The Two-Way
1:38 pm
Thu January 6, 2011

Review Of Juan Williams' Firing Done; NPR News Exec Resigns

(8 a.m. ET, Jan. 7: We've added quite a bit to this post, as you'll see below. The additions include comments from Ellen Weiss, the NPR news executive who has resigned, NPR CEO Vivian Schiller and Juan Williams -- the news analyst who was dismissed last October, setting in motion the events that led to today's announcements. Read through to see how the story developed. We're rearranging things so that it's all in chronological order, starting with our original post.)

1:38 pm
Thu January 6, 2011

Review Of Juan Williams' Firing Done; NPR News Exec Resigns

(8 a.m. ET, Jan. 7: We've added quite a bit to this post, as you'll see below. The additions include comments from Ellen Weiss, the NPR news executive who has resigned, NPR CEO Vivian Schiller and Juan Williams -- the news analyst who was dismissed last October, setting in motion the events that led to today's announcements. Read through to see how the story developed. We're rearranging things so that it's all in chronological order, starting with our original post.)

8:00 am
Thu January 6, 2011

Tolls coming to Lake Washington's SR-520, with unintended impacts

The 520 Floating Bridge, spanning Lake Washington between Seattle and the Eastside, June 12, 2010.
Flickr/Marc_Smith

Tolls costing $7 for a peak-period round-trip are coming to the highway-520 floating bridge across Lake Washington.  The tolls, approved Wednesday night, will pay for a new, wider bridge – although that bridge won’t open until 2014, at the earliest.   

7:54 am
Thu January 6, 2011

Traffic court getting tougher for speeders?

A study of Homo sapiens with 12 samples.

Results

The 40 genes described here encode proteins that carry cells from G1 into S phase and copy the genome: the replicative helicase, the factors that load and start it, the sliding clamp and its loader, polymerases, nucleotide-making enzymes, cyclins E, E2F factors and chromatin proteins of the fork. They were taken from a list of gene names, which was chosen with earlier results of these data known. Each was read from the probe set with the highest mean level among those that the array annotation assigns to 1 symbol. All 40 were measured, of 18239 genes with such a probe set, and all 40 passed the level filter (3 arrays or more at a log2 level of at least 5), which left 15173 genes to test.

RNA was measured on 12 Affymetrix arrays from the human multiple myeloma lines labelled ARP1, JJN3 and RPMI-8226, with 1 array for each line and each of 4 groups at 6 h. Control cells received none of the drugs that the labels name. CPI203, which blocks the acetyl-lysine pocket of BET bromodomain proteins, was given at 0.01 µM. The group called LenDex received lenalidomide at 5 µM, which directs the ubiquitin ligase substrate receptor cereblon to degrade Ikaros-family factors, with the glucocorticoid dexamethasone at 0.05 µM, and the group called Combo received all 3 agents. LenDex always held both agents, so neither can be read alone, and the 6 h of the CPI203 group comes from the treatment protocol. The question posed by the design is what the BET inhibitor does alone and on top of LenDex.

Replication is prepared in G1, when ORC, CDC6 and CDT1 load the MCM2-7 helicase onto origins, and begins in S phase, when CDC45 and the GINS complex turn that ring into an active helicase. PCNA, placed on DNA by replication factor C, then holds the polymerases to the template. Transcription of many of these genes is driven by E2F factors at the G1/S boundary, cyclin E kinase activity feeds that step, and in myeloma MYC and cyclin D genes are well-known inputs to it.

If you challenge a speeding ticket in traffic court, you’ve had a good chance of getting it thrown out in recent years.  That’s because prosecutors in western Washington have been cutting their budgets and prioritizing for bigger crimes. 

Prosecutors have been absent from traffic court for at least five years, according to The Seattle Times.  At the urging of presiding King County District Court judge Barbara Linde, that's changing. 

6:48 am
Thu January 6, 2011

Thursday morning's headlines

Making headlines this morning:

  • Flap Over Govenor's Education Proposal Intensifies
  • Domestic violence victims face system "failures"
  • Governors meet to discuss Columbia River coal-shipping terminal

6:46 am
Thu January 6, 2011

Home sales send mixed message

Home sales bumped up in December, in King County.  Analysts disagree over whether it’s sign of an important trend or not.  The Seattle Times calls it the biggest month for home sales since a federal tax credit expired last summer. 

But the Seattle P-I quotes Glenn Crellin of Washington State University as saying the real estate market is likely to stay sluggish for several months or longer:

6:00 am
Thu January 6, 2011

Superintendent fumes over Gregoire’s education plan

Washington voters elected him state superintendent of public schools. Now Governor Chris Gregoire wants to takeover his portfolio. Randy Dorn is fuming over the Governor’s proposal to create a cabinet-level Department of Education.

3:50 am
Thu January 6, 2011

Singing about the birds

This is just one of the bird 'stars' featured on this week's Record Bin Roulette. John Maynard and John Kessler comb through racks of old vinly to bring us a flock of memories: a review of songs about birds.
Flickr/Alan LIght

With birds falling out of the sky lately, Record Bin Roulette turns attention to songs about our feathered friends.

4:00 pm
Wed January 5, 2011

Seattle school officials proposing changes to enrollment plan

Some high school freshman could get new assignments for the 2011-2012 school year
Seattle Office for Education

Now that Seattle schoolchildren have settled in to the new student assignment plan, some changes are on the way.  The effort to place kids at neighborhood schools this year has hit a few bumps. 

2:22 pm
Wed January 5, 2011

Habitat protection plan for Pacific smelt

This photo provided by the Oregon Department of Fish and Wildlife Tuesday, March 16, 2010 shows Pacific Smelt. The small silvery fish that was a staple of Northwest tribes when the Lewis and Clark expedition arrived, is getting federal protection.
AP/Oregon Fish & Wildlife

NOAA Fisheries Service is proposing habitat protection for the threatened Pacific smelt. The proposal released Wednesday would designate about 292 miles of freshwater creeks, rivers and estuaries in Washington, Oregon and California as critical habitat areas.